There is a dirty little secret in the solar business. Solar is good for taxpayers. As businesses deliver higher levels of solar into the power grid, taxes paid to federal and state governments will skyrocket. Those taxes will continue unabated for decades.
From a government point of view, the return on their investment is huge. The government offers incentives to owners of solar assets. It also taxes the production from those assets. In the end, the government receives far more taxes than any incentives offered.
Federal incentives for business owners of solar assets amount to almost nothing. Yes, business owners can collect investment tax credits. Before they can claim credits, owners must assume all financing, zoning and construction risks, and they must produce energy.
From the point of view of business owners, federal tax credits come at a price. If owners elect to take the credit, they forfeit normal depreciation expenses. In the end, the internal rate of return of the tax credit plus the reduced depreciation expense is about 15% lower than the internal rate of return for normal depreciation expenses. The net federal incentive costs taxpayers nothing.
States are a different story. About half the states offer renewable energy credits. These credits are based on production and local market conditions. In most cases, renewable energy credits are not guaranteed, have no fixed value and are subject to changing markets.
Businesses can earn up to three lines of revenue from solar power production. The first is from the sale of energy. The second is from capacity. The third is from renewable energy credits. Let me discuss each one.
Regional transmission organizations pay everyone the same rate for delivered energy. It does not matter if energy originates from natural gas, coal, nuclear, wind or solar. The only attribute that matters is locational market prices, which vary by time and location.
When it comes to capacity, solar power usually earns less than other resources. Coal, nuclear, natural gas and oil-fired power plants usually earn 100 percent of any capacity payment offered. Solar usually earns less than half the locational market price for capacity. Keep in mind, some power markets like the Electric Reliability Council of Texas (ERCOT) offer asset owners and energy producers no capacity payments.
Solar Production Set to Climb
Nationwide, production and revenue from solar facilities are set to climb. More solar facilities are under construction. In two years, there will be a minimum 13,000 megawatts of solar capacity spread across the nation. In all likelihood, there will be more as states seek new sources.
Because solar producers use accelerated depreciation, after the third year of operations, taxable earnings grow. As was pointed out in "Smart Money Jumping to Green Energy," solar owners have minimal write-offs and no special income tax benefits. By year the fifth year of operations, owners are locked in at the maximum tax bracket, and they remain locked for the next 15 or 20 years.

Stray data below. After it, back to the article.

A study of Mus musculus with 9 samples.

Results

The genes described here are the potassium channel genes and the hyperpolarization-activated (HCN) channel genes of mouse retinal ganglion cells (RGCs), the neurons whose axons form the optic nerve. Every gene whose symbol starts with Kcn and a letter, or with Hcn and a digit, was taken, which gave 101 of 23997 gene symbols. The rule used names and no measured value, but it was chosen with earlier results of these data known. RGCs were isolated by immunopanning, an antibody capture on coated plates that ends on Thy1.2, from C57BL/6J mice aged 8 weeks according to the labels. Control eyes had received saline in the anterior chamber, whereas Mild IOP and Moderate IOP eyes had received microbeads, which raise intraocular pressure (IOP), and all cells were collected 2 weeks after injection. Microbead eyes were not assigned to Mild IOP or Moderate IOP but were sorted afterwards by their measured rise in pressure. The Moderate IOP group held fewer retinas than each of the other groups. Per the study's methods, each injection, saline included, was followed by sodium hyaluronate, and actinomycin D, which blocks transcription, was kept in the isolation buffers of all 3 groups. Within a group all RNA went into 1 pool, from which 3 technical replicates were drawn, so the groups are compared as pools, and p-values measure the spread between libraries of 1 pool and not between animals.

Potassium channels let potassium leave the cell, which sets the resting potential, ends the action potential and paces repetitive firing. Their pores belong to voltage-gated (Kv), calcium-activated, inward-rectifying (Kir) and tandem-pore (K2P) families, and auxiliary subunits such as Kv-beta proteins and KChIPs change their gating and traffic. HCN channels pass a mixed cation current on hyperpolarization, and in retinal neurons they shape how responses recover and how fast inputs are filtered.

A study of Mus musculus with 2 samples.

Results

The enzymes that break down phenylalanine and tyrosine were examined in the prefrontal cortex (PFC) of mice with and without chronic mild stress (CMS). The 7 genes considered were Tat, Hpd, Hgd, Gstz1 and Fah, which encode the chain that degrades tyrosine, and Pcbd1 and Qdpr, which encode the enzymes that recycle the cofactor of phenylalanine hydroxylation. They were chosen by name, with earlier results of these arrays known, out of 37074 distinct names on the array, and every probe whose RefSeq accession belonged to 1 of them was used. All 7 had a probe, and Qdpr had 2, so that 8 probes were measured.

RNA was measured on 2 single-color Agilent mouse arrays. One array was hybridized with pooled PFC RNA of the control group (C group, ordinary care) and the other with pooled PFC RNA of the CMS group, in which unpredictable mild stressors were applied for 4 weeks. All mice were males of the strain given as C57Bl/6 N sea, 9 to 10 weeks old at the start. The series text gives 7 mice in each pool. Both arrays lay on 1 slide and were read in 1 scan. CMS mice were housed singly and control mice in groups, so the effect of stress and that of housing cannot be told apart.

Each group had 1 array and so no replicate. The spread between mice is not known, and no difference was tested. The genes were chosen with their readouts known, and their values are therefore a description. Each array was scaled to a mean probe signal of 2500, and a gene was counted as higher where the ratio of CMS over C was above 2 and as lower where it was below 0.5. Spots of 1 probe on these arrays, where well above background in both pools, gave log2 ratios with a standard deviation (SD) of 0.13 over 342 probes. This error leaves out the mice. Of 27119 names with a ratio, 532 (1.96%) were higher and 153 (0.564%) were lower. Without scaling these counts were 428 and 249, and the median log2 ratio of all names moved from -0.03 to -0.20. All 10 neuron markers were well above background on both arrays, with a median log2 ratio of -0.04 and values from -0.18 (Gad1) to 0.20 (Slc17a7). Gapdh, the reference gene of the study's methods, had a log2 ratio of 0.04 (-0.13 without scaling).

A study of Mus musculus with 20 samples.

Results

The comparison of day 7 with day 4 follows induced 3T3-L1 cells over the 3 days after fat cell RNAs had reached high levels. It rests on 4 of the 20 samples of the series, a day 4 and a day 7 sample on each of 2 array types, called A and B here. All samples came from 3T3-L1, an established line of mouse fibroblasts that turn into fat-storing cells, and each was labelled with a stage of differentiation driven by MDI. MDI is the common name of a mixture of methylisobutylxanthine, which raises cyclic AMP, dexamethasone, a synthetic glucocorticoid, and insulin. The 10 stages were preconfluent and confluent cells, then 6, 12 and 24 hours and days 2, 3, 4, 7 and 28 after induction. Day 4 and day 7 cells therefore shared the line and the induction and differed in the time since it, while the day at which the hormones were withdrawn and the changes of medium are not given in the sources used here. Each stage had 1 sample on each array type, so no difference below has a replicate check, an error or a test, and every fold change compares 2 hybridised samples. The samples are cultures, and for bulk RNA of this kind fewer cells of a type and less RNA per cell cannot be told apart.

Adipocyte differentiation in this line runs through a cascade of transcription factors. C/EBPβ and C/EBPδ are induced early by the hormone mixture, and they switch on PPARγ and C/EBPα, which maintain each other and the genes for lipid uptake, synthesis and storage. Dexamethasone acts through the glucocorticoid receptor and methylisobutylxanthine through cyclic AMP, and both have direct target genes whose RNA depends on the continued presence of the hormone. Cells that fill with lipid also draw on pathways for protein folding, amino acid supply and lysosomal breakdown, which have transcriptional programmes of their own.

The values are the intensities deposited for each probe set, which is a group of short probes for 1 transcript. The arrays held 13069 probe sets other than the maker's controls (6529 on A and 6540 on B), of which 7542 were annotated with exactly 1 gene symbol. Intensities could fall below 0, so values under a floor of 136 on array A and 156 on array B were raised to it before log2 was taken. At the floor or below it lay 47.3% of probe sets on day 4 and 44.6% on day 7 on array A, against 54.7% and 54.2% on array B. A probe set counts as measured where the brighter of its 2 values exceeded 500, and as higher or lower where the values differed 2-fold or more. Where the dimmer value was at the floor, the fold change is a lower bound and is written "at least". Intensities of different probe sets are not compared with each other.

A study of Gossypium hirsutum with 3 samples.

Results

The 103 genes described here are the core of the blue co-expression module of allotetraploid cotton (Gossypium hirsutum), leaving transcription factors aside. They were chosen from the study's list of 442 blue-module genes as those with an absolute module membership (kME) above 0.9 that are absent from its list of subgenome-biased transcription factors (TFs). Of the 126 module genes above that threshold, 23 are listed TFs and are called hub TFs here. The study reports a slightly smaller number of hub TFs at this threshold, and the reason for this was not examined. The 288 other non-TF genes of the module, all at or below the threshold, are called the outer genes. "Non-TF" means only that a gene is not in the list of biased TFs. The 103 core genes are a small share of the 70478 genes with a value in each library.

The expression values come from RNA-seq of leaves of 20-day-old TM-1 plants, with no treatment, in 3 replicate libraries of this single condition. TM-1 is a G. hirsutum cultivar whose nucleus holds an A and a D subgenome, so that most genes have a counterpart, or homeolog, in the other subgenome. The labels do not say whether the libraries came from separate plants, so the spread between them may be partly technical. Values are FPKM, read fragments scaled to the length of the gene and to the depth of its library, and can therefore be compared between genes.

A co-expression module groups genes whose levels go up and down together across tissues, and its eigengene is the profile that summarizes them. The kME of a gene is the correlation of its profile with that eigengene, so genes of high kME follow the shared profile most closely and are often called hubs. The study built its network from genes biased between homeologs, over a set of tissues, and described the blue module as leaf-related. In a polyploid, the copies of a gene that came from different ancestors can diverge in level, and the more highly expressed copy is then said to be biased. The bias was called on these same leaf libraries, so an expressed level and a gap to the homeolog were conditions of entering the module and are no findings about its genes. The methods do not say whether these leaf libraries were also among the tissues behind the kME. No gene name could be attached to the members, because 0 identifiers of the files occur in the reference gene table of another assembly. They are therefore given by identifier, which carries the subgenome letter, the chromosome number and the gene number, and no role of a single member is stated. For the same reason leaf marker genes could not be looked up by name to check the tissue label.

The 13,000 megawatts will collectively book about $1 billion in bottom-line earnings. The federal government will haul in 39.6% taxes. New Jersey will haul in another 8.97%. Adding local and other taxes, the average solar panel will effectively pay about 50% of its earnings in taxes to governments.
Simple math suggests that the 13,000 megawatts will produce about $500 million in new taxes per year. Multiply the yearly amount by 15 or 20 years, and the government's haul is $7.5 billion to $10 billion in new taxes.
Keep in mind, the cost to the federal government was zero. The only federal incentive was to offer businesses the option to change depreciation schedules.
In most cases, the cost to the states was also nothing. While they offer renewable energy credits, those credits are usually paid by consumers, not taxpayers.
Consumers win. As was described in "Solar Power's Economic Impact Is Huge," the net cost to the consumer is also small. Since solar power displaces costly peaking facilities, solar power lowers the grid's market-clearing prices. Adding cleaner air and a new tax base, consumers' net cost is approximately zero.
Even the grid wins. Solar power is a natural peaking facility. Solar power production has no impact on loads normally served by nuclear power and large coal plants. It does displace high-cost and high-pollution plants. By shedding the most costly of plants, grids help states lower energy costs.
Given the new Environmental Protection Agency regulations and recent court decisions, it is becoming clear that solar power is a preferred solution for most states. As such, EIA forecasts are likely to be on the low side.
Other than governments, consumers and grids, the likely winners are SunPower (SPWR), First Solar (FSLR) and Sun Edison (SUNE). They are first in line as solar power industry attempts to serve growing numbers of new customers.